1. An iconic summer adventure — ‘Stand by Me’ (1986)
This timeless coming-of-age adventure film directed by Rob Reiner, who also directed “When Harry Met Sally,” stars Wil Wheaton, River Phoenix, Corey Feldman and Jerry O’Connell. The film is based on a Stephen King novel titled “The Body,” and follows four small-town Oregon boys as they hike through the wilderness in search of a dead body. While the premise may seem a little grim, the film is full of comedic elements and features a fantastic soundtrack including Buddy Holly, Jerry Lee Lewis and Ben E. King. Moreover, there are numerous moments throughout the adventure that are not only relatable, but also serve to bring one back to the best moments of childhood summers.
2. A simple, yet thought-provoking documentary — ‘Parking Lot Movie’ (2010)
Both for those loathing the repetitious minutiae of their summer jobs and those looking to explore the documentary genre, “The Parking Lot Movie” is worth a watch. Filmed between 2007 and 2010, this film follows a group of parking lot attendants at the Corner Parking Lot in Charlottesville, Va. The film highlights the highly educated University of Virginia students and graduates who man the tollbooth as they find existential meaning through a mundane job. The film uses the interactions between the eccentric attendants and the drunk, rude and cheap patrons as metaphors for life. While the subject matter is straightforward, this film is sure to keep your attention for the entire run time of just over an hour.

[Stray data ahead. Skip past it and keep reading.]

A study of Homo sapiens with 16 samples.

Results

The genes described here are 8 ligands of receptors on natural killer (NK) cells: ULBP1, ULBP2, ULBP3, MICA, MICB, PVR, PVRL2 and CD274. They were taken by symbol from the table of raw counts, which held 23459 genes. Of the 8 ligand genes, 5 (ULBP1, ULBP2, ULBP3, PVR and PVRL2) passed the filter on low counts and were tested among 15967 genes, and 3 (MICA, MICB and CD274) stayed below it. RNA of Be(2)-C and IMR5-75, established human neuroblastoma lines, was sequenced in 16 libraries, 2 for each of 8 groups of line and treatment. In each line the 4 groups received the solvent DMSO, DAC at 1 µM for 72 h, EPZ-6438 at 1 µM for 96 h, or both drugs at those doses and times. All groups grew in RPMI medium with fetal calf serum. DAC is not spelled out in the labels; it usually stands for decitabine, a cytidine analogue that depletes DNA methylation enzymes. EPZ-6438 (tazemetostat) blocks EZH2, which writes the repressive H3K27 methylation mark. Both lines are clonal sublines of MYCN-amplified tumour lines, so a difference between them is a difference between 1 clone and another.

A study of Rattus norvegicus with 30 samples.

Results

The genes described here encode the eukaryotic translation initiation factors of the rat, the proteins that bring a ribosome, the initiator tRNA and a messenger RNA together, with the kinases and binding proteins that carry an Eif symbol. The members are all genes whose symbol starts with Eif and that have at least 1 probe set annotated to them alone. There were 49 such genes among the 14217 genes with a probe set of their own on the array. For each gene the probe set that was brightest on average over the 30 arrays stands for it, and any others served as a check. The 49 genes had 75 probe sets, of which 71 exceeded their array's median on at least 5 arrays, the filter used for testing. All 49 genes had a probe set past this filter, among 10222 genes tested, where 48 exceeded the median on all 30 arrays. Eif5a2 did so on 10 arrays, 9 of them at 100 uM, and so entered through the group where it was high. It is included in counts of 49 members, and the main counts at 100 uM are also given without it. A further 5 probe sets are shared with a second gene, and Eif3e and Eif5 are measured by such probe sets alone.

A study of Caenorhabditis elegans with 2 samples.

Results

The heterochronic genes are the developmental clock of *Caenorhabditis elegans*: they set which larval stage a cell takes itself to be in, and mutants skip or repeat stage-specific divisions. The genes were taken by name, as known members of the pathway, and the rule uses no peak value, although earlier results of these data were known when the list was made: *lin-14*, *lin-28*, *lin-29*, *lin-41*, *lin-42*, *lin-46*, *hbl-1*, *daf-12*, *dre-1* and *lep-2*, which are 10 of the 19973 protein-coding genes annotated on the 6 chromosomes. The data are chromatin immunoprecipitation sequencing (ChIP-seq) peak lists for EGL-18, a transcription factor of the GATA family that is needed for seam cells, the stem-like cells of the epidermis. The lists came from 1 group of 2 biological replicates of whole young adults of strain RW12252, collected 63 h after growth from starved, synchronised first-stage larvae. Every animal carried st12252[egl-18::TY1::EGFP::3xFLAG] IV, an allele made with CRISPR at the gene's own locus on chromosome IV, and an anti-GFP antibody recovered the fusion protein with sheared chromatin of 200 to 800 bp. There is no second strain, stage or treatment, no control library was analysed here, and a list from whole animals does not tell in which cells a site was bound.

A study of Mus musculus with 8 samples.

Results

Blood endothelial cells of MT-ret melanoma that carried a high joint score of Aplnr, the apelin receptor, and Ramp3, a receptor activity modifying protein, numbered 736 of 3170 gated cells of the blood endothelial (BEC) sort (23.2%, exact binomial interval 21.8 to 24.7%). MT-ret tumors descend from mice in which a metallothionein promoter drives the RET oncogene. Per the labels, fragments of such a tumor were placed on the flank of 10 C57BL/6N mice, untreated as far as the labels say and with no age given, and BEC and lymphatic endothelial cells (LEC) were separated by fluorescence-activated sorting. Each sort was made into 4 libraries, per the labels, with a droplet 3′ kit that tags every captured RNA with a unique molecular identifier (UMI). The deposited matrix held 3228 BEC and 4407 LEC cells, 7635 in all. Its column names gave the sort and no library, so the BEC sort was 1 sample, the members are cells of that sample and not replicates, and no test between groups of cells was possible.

3. A feel-good rebellion — ‘Footloose’ (1984)
Starring Kevin Bacon as Ren McCormack, a Chicago teen who finds his expressive nature smothered upon moving to a small town, “Footloose” is a musical drama sure to inspire rebellion. Loosely based on the true story of a rural religious community in Oklahoma, the film follows McCormack’s efforts to undermine a local minister’s (John Lithgow) ban on dancing and rock music. Although McCormack finds himself in more trouble than he bargained for after falling for the minister’s daughter Ariel (Lori Singer), there is no predicament that cannot be resolved by a song and expertly choreographed dance. This feel-good tale of love and the power of dance is a summer classic.
4. An inspiration to do something incredible — ‘Maidentrip’ (2013)
This adventure documentary tracks the solo journey of Dutch sailor Laura Dekker as she attempts a circumnavigation of the world. Although the 14-year-old Dekker has been an avid sailor since birth, the incredibly arduous 22,000-nautical-mile journey is a test for even the most experienced sailors. Confronting a public outcry directed toward her parents for letting her go, negotiating permission from Dutch courts to embark, navigating dangerous waterways and managing to stay afloat through violent storms are just a few of the obstacles that impede Dekker’s path. This film will have viewers on the edge of their seats while witnessing a potentially mind-blowing accomplishment.
5. A noncliche love story — ‘Paris Je T’Aime’ (2006)
Summer is the season of love and the season of travel. What better way to celebrate this than by taking a trip to Paris in “Paris Je T’Aime,” a film composed of 18 distinct short films. Each is set in a different arrondissement, or neighborhood, of Paris and is directed by one or two of the 22 directors who contributed to the film, including Gurinder Chadha, Sylvain Chomet and Joel and Ethan Coen. While each snippet is thematically centered on a momentary Parisian romance based on a chance encounter or twist of fortune, they are stylistically unique and offer an array of styles sure to appeal to a wide audience. Far from a cliche love story, the film is incredibly diverse and thought-provoking.